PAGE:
Two favorite sons of Florida running for president in the crowded GOP primary field are stunting fundraising for the 2016 Senate race in the Sunshine State, sucking up the time and attention span of Florida’s top donors, according to multiple Florida Republican operatives.
The presidential campaigns of former Florida Gov. Jeb Bush and outgoing Florida Sen. Marco Rubio have siphoned off the time and money from top donors that could be going to Republican Senate candidates. The cash squeeze has been so bad that the leading Democrat in the race raised nearly as much in the third quarter as the three top Republican candidates combined.
“You have two native sons who are leading contenders for the nomination from Florida, and then you have, some people forget, [Donald] Trump, [Ben] Carson and [Mike] Huckabee also have homes in Florida,” said Nick Hansen, a Florida Republican consultant who works for GOP Rep. David Jolly’s Florida Senate campaign. Jolly is one of three top Republicans running for the Senate seat, open this cycle because of Rubio’s presidential bid.
“Obviously in a presidential race, even when you don’t have the native sons like we do with Governor Bush and Senator Rubio, it’s a state people come to fundraise in, and we have a huge Republican field, so you have a couple of forces at play,” Hansen added.
Among the GOP Senate primary field, Rep. Ron DeSantis led the pack, bringing in $754,000 from July 1 through Sept. 30, according to a filing with the Federal Election Commission. He was followed by Lt. Gov. Carlos Lopez-Cantera, who raised $462,000 in the third quarter, while Jolly brought up the rear with just $378,000.
Both Lopez-Cantera and Jolly’s hauls would be strong for House candidates. But they are dangerously low numbers for an ultra-competitive statewide Senate race — one of just three Senate contests currently rated a Tossup by the Rothenberg & Gonzales Political Report/Roll Call.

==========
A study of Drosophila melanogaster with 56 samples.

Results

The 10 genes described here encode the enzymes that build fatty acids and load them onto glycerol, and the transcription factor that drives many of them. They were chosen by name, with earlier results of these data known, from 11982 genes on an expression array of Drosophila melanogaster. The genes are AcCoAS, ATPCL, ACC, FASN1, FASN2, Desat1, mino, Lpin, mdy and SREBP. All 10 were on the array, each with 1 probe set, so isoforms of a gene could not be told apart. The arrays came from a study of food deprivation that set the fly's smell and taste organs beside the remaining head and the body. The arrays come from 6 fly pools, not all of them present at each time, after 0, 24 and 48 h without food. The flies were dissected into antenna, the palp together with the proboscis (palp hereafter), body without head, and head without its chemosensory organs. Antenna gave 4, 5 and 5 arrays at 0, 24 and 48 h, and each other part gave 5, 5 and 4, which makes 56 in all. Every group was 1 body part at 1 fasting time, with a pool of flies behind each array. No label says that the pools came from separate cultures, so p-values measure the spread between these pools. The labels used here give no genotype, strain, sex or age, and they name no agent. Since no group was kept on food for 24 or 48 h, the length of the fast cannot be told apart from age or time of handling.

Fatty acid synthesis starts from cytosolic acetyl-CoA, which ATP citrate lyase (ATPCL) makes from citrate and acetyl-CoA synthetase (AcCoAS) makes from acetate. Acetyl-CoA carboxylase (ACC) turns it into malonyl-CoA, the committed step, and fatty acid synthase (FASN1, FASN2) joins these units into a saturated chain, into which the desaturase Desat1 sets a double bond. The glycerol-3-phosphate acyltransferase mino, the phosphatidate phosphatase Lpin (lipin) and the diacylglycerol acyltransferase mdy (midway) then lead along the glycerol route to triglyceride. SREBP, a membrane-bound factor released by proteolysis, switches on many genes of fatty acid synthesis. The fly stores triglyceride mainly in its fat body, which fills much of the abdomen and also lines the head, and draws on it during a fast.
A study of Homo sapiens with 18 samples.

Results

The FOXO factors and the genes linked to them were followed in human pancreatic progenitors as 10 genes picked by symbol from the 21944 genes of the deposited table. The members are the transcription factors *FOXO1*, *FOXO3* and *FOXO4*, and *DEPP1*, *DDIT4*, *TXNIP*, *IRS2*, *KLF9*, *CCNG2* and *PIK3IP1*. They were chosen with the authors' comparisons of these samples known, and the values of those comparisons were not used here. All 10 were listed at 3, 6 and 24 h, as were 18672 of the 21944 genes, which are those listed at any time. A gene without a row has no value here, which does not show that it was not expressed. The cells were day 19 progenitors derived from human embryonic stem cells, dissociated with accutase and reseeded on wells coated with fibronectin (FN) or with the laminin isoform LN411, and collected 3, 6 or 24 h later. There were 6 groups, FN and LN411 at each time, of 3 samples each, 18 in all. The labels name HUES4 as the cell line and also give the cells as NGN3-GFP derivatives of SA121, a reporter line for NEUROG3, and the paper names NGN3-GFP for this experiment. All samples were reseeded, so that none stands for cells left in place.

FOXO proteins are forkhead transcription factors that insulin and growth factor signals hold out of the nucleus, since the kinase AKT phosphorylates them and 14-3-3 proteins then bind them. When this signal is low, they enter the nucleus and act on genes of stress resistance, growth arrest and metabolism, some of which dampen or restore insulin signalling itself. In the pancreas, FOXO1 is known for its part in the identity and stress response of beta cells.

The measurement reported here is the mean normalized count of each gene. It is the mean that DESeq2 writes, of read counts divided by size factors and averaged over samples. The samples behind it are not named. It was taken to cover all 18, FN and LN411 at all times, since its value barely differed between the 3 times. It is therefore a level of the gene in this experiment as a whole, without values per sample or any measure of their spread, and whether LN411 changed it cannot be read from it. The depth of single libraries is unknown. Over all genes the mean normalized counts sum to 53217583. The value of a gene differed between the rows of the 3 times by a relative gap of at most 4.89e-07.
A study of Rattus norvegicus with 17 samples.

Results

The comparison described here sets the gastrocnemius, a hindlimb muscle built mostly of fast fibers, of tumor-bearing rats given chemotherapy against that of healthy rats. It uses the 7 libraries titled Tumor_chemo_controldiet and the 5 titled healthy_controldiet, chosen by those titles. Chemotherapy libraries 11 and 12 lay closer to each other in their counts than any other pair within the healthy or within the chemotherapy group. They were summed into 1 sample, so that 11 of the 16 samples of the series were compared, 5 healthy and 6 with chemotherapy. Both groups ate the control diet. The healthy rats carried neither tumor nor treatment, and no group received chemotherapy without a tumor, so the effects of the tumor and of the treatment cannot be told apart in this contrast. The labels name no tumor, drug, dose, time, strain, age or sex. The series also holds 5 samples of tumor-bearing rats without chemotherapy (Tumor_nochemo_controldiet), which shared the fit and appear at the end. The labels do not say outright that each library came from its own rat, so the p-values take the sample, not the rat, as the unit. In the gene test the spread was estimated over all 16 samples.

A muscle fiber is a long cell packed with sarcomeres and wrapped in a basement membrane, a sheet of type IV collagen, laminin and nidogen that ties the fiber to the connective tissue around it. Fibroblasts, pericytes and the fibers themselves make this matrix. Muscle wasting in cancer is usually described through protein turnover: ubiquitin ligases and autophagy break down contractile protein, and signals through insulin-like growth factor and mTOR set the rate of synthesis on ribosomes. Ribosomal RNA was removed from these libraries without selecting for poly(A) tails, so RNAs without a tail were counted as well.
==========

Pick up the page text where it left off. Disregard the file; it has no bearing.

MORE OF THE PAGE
“I will say in Florida, you have Jeb and Marco here, and they are definitely getting up all the donors,” said Ryan Wiggins, a Florida Republican strategist working for Lopez-Cantera’s campaign. “But I think we are very proud of the numbers we were able to pull in, are happy with the progress and we feel good.”
Also affecting fundraising is Florida Chief Financial Officer Jeff Atwater, a Tallahassee Republican popular among the Florida GOP political class. Atwater initially passed on a bid soon after Rubio’s presidential announcement, but he’s once again mulling a run. And GOP operatives say his looming presence over the race is also leaving donors waiting on the sidelines.
Whatever the reason behind the stunted fundraising, Democratic Rep. Patrick Murphy brought in twice as much as DeSantis last quarter.
Murphy, a top Democratic recruit and prolific fundraiser, brought in $1.5 million last quarter. The haul brought Murphy’s war chest to just less than $3.5 million, more than any of the candidates in the race.
All three GOP candidates have $3.5 million in cash on hand, combined, with DeSantis leading the GOP pack, with $2.4 million in the bank. (This was Jolly and Lopez Cantera’s first quarter in the race.) Rep. Alan Grayson, who is also running in the Democratic primary, raised $743,000 in the third quarter, but had just $250,000 in the bank. Grayson, however, is one of the wealthiest members of Congress, giving him the ability to self-fund a bid if need be.
Raising money in Florida is essential, as campaigns play out mostly on the television airwaves. That’s thanks to the state’s sheer size — both in geography and population — that makes television advertising the best way to reach the widest swath of voters.
Republicans, however, say they are unconcerned about the disparity — for now.
They say once the state’s presidential primary passes in March, donors will become more focused on the state’s Senate contest — expected to prove crucial to which party controls the chamber. After that, donors will still have months to fill the coffers of the GOP Senate candidate of their choice before the state’s August Senate primary.
“There is a lot going on in Florida, with redistricting and new congressional maps, new state Senate maps, and it’s causing a lot of uncertainty in Florida,” Wiggins added. “And you combine that with two presidential candidates from Florida, …. there’s just a lot of uncertainty in Florida politics right now.”